BRUSSELS (Reuters) - The European Commission on Tuesday warned Thailand, the third-largest seafood exporter in the world, for failing to crack down on illegal fishing, and threatened it with a trade ban if it did not take action.
The EU executive also lifted warnings on South Korea and the Philippines following the reforms of their legal systems to be able to tackle illegal fishing.
Since 2010 the EU - the world's biggest fish importer - has taken action against countries that do not follow international standards to prevent over-fishing, such as policing their waters for unlicenced fishing vessels and imposing penalties to deter illegal fishing.
Thailand was given a so-called "yellow card" for failing to certify the origin and legality of its fish exports to the EU.
It now has six months to implement a corrective plan to address the shortcomings in its monitoring, control and sanctioning systems, the Commission said in a statement.
"By using our market weight the EU is getting important players on board," said Karmenu Vella, Commissioner for Environment, Maritime Affairs and Fisheries.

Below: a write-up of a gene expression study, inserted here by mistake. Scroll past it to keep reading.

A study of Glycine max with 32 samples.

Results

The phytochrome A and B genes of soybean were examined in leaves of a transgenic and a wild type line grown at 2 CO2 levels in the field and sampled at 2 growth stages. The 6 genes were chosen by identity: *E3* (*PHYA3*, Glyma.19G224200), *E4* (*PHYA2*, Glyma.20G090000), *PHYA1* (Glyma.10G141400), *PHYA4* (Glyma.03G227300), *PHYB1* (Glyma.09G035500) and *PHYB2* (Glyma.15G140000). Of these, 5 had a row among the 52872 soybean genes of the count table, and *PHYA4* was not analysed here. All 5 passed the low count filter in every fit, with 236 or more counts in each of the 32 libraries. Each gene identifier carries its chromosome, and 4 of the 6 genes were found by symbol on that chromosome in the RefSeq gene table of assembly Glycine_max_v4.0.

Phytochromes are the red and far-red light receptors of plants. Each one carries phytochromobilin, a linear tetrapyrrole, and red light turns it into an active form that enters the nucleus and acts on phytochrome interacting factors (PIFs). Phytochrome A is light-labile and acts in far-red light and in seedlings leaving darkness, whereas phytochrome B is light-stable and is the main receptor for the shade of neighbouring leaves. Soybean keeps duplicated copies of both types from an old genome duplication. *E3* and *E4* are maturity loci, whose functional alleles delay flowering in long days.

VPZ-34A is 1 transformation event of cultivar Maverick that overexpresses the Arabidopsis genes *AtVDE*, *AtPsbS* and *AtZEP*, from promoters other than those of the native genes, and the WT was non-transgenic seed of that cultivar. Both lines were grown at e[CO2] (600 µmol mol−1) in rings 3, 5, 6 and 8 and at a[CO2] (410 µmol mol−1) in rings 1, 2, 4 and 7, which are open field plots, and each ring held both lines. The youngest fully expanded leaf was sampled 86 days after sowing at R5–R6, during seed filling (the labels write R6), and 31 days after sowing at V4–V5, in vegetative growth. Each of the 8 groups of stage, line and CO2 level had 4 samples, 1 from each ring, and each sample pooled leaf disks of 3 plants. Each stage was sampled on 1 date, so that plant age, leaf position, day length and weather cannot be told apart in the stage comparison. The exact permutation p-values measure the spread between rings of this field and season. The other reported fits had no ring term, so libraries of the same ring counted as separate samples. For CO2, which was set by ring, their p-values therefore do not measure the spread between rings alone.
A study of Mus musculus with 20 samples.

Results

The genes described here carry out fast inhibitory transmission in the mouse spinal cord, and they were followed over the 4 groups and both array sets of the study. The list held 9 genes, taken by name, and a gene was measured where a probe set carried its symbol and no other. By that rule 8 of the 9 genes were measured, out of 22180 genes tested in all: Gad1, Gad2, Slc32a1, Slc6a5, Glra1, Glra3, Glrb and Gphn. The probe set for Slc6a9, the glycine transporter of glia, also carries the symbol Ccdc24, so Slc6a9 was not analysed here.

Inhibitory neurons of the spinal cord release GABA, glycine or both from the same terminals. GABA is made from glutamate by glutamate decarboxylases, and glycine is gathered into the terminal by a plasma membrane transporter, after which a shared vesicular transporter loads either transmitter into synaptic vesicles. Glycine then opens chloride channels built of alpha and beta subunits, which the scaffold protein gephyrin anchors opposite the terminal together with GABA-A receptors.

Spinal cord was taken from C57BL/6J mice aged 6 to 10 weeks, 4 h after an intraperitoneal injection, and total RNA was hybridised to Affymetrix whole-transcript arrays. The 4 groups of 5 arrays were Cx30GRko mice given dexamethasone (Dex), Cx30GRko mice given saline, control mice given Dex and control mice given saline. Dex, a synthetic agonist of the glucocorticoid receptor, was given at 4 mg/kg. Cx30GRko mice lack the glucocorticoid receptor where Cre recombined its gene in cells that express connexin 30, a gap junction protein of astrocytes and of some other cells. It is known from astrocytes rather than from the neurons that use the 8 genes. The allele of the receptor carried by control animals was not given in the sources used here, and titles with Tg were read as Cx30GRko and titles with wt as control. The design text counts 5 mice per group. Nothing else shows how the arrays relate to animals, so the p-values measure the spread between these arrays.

"Both Korea and the Philippines have taken responsible action, amended their legal systems and switched to a proactive approach against illegal fishing".
The Commission will work with the Thai authorities to help them improve their legal standards.
The EU imported 145,907 tonnes of fish products worth 642 million euros (S$926 million) from Thailand last year, according to the Commission.
Thailand's foreign affairs ministry said in a statement Thailand was "disappointed" that the EU "chose to ignore the very earnest efforts of the past six months by the Royal Thai Government in addressing all issues which once were deemed the causes of IUU (illegal, unreported, unregulated) fishing".
However, it added that Thailand "will continue to cooperate with the EU to combat IUU activities and promote sustainable fishing".
Campaign groups such as the Pew Charitable Trusts, the Environmental Justice Foundation, Oceana and WWF welcomed the warning against Thailand.
"Thai authorities exert very little control over their fishing vessels, with many activities illegally damaging fish stocks and the marine environment," said Steve Trent, Executive Director of the Environmental Justice Foundation.
Between 11 and 26 million tonnes of fishing - at least 15 percent of global catches - are caught illegally each year and are worth between 8 billion euros and 19 billion euros, the Commission said.
Fish imports from Sri Lanka, Guinea and Cambodia are also currently banned pending progress from their governments.